Court-imposed fines payable in instalments at post offices

People not paying fines will not be jailed except as an absolute last resort

As a result of an overhaul of the rules which has now come into effect, those who do not pay fines will not be jailed except as an absolute last resort. File photograph: Getty Images

As a result of an overhaul of the rules which has now come into effect, those who do not pay fines will not be jailed except as an absolute last resort. File photograph: Getty Images

 

From later this week people will be able to pay court-imposed fines in instalments in their local post office after the Courts Service awarded the contract to oversee payment of fines to An Post.

The payment of fines can already be made online, over the phone with credit or debit cards, directly with a court officer and by post.

From Tuesday, people will also be able to pay fines in stages in their local post office - as an alternative to the other, once-off payment methods already in place.

As a result of an overhaul of the rules which has now come into effect, those who do not pay fines will not be jailed except as an absolute last resort.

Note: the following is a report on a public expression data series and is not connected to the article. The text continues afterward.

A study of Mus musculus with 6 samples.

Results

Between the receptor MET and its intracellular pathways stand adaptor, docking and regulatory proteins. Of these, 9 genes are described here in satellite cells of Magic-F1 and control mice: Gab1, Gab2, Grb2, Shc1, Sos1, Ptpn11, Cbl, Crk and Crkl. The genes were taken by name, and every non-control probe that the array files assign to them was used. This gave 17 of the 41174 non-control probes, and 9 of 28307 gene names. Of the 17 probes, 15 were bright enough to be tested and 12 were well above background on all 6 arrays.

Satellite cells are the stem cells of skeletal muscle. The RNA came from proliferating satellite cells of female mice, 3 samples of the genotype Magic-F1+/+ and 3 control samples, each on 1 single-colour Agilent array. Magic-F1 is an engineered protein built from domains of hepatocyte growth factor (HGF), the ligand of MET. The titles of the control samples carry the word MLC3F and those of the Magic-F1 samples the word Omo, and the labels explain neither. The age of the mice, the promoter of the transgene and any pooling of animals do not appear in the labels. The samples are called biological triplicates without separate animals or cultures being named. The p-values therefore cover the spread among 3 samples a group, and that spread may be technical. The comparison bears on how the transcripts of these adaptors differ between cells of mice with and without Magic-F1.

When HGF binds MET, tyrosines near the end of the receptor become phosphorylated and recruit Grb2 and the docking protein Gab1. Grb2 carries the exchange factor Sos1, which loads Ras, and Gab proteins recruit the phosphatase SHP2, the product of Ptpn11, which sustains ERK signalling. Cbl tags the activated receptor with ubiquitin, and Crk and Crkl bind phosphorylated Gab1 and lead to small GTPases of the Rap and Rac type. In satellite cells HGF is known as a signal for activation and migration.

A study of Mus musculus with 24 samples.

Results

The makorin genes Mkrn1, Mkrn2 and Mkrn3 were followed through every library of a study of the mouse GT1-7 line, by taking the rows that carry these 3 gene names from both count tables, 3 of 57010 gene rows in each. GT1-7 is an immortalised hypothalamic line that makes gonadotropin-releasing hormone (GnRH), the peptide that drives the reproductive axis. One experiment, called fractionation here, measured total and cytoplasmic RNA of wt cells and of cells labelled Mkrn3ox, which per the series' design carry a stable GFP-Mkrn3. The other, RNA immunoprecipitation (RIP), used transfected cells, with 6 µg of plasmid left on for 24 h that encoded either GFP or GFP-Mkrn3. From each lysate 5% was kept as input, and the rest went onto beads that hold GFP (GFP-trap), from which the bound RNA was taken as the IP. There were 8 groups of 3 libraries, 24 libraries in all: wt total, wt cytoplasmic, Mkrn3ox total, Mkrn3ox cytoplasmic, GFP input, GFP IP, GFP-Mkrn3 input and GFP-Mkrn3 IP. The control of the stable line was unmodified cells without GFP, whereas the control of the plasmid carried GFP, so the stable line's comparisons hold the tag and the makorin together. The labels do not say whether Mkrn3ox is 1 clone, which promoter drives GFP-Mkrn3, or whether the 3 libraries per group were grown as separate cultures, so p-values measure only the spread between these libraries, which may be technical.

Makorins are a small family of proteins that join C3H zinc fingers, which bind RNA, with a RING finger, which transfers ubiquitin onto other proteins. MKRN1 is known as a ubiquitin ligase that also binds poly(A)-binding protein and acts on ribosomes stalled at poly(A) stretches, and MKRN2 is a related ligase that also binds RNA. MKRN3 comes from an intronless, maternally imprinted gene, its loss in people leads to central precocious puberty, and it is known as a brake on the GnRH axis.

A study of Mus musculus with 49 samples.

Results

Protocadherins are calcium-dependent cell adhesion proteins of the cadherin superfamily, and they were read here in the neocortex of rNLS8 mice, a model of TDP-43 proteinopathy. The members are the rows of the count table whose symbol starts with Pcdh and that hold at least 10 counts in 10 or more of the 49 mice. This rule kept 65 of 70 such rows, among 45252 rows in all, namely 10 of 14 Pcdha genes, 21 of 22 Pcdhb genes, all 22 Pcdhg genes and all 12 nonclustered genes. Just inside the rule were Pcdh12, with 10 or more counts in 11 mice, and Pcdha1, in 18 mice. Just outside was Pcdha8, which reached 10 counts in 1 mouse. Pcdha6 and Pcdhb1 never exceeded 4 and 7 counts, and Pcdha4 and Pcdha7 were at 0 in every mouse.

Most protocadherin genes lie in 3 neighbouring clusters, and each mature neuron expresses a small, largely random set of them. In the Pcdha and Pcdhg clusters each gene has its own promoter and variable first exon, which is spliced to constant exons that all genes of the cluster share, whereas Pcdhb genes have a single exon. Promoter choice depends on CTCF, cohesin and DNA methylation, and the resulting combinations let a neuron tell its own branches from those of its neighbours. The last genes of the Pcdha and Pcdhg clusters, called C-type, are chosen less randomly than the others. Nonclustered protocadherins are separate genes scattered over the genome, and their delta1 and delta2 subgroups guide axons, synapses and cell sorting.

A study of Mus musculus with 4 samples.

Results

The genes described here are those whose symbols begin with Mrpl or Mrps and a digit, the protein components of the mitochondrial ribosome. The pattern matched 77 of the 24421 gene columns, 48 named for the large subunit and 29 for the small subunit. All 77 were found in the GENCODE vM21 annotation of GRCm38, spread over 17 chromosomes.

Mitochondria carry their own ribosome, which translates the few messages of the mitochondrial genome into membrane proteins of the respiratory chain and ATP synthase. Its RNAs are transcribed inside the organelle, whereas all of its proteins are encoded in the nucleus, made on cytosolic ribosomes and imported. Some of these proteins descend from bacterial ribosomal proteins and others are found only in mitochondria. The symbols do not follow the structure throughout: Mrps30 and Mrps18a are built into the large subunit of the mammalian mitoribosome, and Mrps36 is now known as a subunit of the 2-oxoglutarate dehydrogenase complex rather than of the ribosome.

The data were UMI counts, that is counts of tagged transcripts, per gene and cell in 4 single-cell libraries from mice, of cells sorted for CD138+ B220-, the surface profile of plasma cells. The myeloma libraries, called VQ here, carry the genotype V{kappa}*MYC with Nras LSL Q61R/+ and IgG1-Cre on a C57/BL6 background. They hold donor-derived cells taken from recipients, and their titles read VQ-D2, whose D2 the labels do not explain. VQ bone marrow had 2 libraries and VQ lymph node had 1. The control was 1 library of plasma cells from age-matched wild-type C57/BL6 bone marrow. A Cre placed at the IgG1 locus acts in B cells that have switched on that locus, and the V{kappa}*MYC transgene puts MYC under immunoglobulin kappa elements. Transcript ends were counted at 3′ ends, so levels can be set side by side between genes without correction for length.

Instead, fines can be deducted from a person’s earnings in instalments, with the court appointing a receiver to recover the money owed. If fines remain unpaid, courts can impose community service orders in their place.

Only when such orders are not honoured will people face jail under provisions contained within the new Fines (Payment and Recovery) Act 2014, which is now law.

‘Appropriate response’

“The Act provides an appropriate response to the problems of the refusal or failure of some people to pay fines and the inappropriateness of imprisonment as the automatic response where this happens,” Minister for Justice Frances Fitzgerald said. “We now have a system that is logical and proportionate.”

The Courts Service also announced that An Post subsidiary, PrintPost, will now print fine notices and reminders.

“Fines are the most widely used sanction in our legal system. The methods of payment of a fine need to be as simple and convenient as possible, with no obstacles being in the way of people paying monies due to the State,” a spokesman for the Courts Service said.

He said “staged payments, or instalments, will help a person to meet their obligations, and be facilitated in post offices nationwide from Friday of this week. This will make it as convenient and easy as possible to pay court imposed fines.”

In 2014 the Courts Service collected over €13 million in fines.